Authoritarian capitalism and the Chinese scam

Reuters/Vostock Photo

Reuters/Vostock Photo

Western leaders are betting that values can trump profits, but chances are, they are wrong.

British Prime Minister David Cameron gave a remarkable speech at the World Economic Forum in Davos on Jan. 29 that threw into sharp relief the clash of economic systems between east and west. 

 

"There's one final thing we in Europe need to have more confidence about - and that is our values. The value of liberal democracy used to be sacred in the west. Now some people are doubting it. They've seen authoritarian capitalism and the way it works. They see political leaders with the powers of juggernauts, forcing decisions through and they argue that against this, our liberal democratic values look outdated, ineffective - even an obstacle to success," said Cameron. 

 

In the west, the divide between the state and private business is axiomatic to the free market system and codified in law. But western leaders are becoming increasingly unsettled because in the emerging markets, this divide doesn't exist. 

 

China is a command economy (one of the last left in the world) and in Russia, too, the Kremlin has, as a matter of policy, largely erased the line between them to create what has been dubbed Kremlin, Inc.

 

This model manifests itself in many ways. In China's case it means the state can set exchange rates and hold wages down by fiat. The result is turbocharged growth and a relentless siphoning of dollars from west to east. 

 

In Russia, Prime Minister Vladimir Putin routinely calls the leading oligarchs in for one-on-one meetings where they have to present their investment plans to make sure they dovetail with the state's policy. But this is a quid pro quo relationship, as the Kremlin actively lobbies for business interests abroad, linking deals to energy contracts and adding on state-backed weapons deals to create a package that is anathema to western politicians. 

 

China is neither a more productive producer than America, nor are it's goods of better quality. It beats out all comers simply because its goods are far, far cheaper than any other country can possibility produce. Even Russia is unable to compete with China. Russia has signed off on the IMF's Article VIII, making the ruble fully convertible. It has a free labor market and runs a remarkably open trade regime. So, despite the advantages of Kremlin, Inc., Russian companies still have to compete on market terms and things like productivity and cost still count enough to make diversifying the economy difficult.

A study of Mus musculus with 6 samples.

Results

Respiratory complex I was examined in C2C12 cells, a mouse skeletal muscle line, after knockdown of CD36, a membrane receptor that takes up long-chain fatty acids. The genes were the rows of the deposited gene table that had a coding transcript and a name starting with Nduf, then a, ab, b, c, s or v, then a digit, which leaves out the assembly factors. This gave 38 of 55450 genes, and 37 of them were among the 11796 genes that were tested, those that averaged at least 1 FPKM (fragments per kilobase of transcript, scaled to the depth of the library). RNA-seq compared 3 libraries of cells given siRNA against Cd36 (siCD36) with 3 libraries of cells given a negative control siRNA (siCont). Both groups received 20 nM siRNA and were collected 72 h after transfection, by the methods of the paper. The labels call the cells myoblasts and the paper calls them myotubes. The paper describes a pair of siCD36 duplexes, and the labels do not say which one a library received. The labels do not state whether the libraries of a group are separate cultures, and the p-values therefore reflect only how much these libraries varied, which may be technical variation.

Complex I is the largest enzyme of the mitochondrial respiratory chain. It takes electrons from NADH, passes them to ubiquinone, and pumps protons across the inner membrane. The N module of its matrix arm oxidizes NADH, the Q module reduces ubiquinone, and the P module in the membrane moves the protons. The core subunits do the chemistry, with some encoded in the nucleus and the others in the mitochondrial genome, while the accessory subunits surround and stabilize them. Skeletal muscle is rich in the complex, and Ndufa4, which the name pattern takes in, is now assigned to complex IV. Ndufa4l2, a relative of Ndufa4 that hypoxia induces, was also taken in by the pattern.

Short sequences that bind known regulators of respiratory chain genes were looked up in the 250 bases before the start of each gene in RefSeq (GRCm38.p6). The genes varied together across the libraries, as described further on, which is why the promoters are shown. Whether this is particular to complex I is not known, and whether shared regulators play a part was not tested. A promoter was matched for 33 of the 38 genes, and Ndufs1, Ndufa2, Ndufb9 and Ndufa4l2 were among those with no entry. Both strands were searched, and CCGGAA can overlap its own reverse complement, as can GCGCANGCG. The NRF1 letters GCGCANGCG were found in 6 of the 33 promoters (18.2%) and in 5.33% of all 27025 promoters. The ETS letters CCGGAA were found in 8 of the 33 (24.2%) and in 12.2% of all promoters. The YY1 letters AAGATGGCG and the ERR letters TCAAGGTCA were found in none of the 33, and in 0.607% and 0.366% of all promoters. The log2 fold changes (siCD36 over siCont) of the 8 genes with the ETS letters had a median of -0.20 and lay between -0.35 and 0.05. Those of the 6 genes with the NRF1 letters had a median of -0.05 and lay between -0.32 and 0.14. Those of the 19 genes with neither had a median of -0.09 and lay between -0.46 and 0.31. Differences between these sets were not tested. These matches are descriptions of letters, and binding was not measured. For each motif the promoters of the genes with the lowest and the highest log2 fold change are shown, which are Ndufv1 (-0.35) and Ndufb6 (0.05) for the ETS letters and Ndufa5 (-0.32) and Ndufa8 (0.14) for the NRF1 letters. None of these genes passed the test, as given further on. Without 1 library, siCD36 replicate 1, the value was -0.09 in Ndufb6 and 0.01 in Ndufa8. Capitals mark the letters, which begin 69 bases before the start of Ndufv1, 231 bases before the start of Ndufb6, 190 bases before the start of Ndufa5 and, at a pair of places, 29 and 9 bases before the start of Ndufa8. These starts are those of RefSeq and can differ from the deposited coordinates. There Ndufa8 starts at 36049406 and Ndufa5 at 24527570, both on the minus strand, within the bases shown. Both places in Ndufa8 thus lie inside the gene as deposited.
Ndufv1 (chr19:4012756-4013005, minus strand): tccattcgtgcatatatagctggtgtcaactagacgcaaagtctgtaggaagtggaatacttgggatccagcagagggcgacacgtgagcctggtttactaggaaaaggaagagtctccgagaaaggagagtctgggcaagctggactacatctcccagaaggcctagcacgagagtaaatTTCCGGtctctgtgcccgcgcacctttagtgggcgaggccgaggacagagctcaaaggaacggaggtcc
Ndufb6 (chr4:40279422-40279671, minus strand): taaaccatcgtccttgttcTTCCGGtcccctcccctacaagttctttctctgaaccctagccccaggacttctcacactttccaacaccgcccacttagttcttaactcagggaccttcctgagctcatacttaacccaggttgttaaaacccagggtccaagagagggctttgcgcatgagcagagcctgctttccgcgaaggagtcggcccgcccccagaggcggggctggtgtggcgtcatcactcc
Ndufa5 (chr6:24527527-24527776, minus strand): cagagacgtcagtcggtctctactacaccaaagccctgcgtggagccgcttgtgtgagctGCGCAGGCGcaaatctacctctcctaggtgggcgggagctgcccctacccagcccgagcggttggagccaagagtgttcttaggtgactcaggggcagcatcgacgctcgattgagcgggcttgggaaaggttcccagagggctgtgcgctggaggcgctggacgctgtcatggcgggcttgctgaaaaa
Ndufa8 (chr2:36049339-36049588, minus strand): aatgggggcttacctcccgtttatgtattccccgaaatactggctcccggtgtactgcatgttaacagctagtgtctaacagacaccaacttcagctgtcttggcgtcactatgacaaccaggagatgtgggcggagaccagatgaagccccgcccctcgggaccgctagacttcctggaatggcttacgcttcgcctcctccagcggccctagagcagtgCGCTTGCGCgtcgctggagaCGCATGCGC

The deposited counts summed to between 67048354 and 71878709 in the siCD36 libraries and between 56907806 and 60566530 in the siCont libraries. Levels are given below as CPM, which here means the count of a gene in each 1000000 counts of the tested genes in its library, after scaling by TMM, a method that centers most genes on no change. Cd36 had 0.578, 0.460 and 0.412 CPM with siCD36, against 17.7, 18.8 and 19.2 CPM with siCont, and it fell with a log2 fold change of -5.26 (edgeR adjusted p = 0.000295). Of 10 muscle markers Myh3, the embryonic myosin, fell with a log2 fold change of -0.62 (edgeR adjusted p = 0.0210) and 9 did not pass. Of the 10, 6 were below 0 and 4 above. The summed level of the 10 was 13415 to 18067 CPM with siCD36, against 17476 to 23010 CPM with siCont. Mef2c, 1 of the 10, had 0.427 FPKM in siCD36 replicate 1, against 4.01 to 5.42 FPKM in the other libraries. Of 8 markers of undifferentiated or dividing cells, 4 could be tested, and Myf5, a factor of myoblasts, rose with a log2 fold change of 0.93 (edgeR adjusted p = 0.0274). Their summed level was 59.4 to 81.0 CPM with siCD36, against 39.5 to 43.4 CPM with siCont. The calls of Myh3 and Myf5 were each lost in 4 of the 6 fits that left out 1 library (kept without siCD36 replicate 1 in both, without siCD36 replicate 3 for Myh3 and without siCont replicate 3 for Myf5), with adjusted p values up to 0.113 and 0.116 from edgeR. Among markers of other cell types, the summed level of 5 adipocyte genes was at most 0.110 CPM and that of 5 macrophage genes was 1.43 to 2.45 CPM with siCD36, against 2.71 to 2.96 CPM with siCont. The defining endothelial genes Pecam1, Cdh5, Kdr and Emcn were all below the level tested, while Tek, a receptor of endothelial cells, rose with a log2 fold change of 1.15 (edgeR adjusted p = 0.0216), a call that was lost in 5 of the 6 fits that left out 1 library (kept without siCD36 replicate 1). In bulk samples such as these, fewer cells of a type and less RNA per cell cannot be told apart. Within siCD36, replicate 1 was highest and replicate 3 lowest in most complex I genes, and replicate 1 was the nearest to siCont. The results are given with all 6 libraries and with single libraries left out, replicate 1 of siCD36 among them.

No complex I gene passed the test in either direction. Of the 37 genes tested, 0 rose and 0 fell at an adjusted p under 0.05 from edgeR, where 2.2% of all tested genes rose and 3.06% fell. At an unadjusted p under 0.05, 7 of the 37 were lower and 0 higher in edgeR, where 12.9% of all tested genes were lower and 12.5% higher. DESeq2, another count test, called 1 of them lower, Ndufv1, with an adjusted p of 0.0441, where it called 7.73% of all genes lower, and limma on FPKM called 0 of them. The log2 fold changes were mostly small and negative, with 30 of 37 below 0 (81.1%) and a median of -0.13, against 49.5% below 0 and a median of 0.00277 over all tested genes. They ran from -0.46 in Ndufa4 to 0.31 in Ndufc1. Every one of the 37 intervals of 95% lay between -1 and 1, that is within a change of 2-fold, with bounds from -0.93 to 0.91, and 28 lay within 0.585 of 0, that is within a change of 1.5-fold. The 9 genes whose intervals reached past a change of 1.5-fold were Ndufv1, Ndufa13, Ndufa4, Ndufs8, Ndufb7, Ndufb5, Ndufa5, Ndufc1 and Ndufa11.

China's exchange rate is a scam, and in any other age it would have caused a war. But liberal democratic governments are powerless to act, as they are bound by the very rules that the eastern powers are breaking. 

 

The upshot has been a massive transfer of capital eastward, while the east is, in addition to its cheap toys and copious oil, exporting its unemployment and social strife west. As long as these distortions remain tension in the global economy will mount and ultimately it must end in tears. 

 

That said, neither Beijing nor Moscow are blind to the problems they are causing, and both seem well aware that the current set up is unsustainable. Russian President Dmitry Medvedev has mounted a campaign to modernize Russia and repeated this call again during his Davos speech. And the Chinese are actually doing it, investing into everything from computer chip production to wind farms, where it is already emerging as a world power in many of these products. The plan is to be to eventually wind down the imbalances and compete head to head, western-style. 

 

But it will be years before either country is ready to swap "authoritarian capitalism" for the free market kind. In the meantime, western leaders are looking increasingly uncomfortable; Cameron's speech came over more as a plea for help than a call to arms: "It's these [liberal] values that create the climate for innovation. Our values create the right climate for business too. If you're looking to set up a headquarters abroad, are you going to invest where your premises can be taken away from you? Where contracts are routinely dishonored? Where there's the threat of political upheaval? Or are you going to invest where there are property rights, the rule of law, democratic accountability?"

 

No business likes political instability, unpredictable laws, corruption or bad corporate governance. But to answer Cameron's question, companies will always set up their headquarters first and foremost where they think they can earn profits, and tolerate the rest.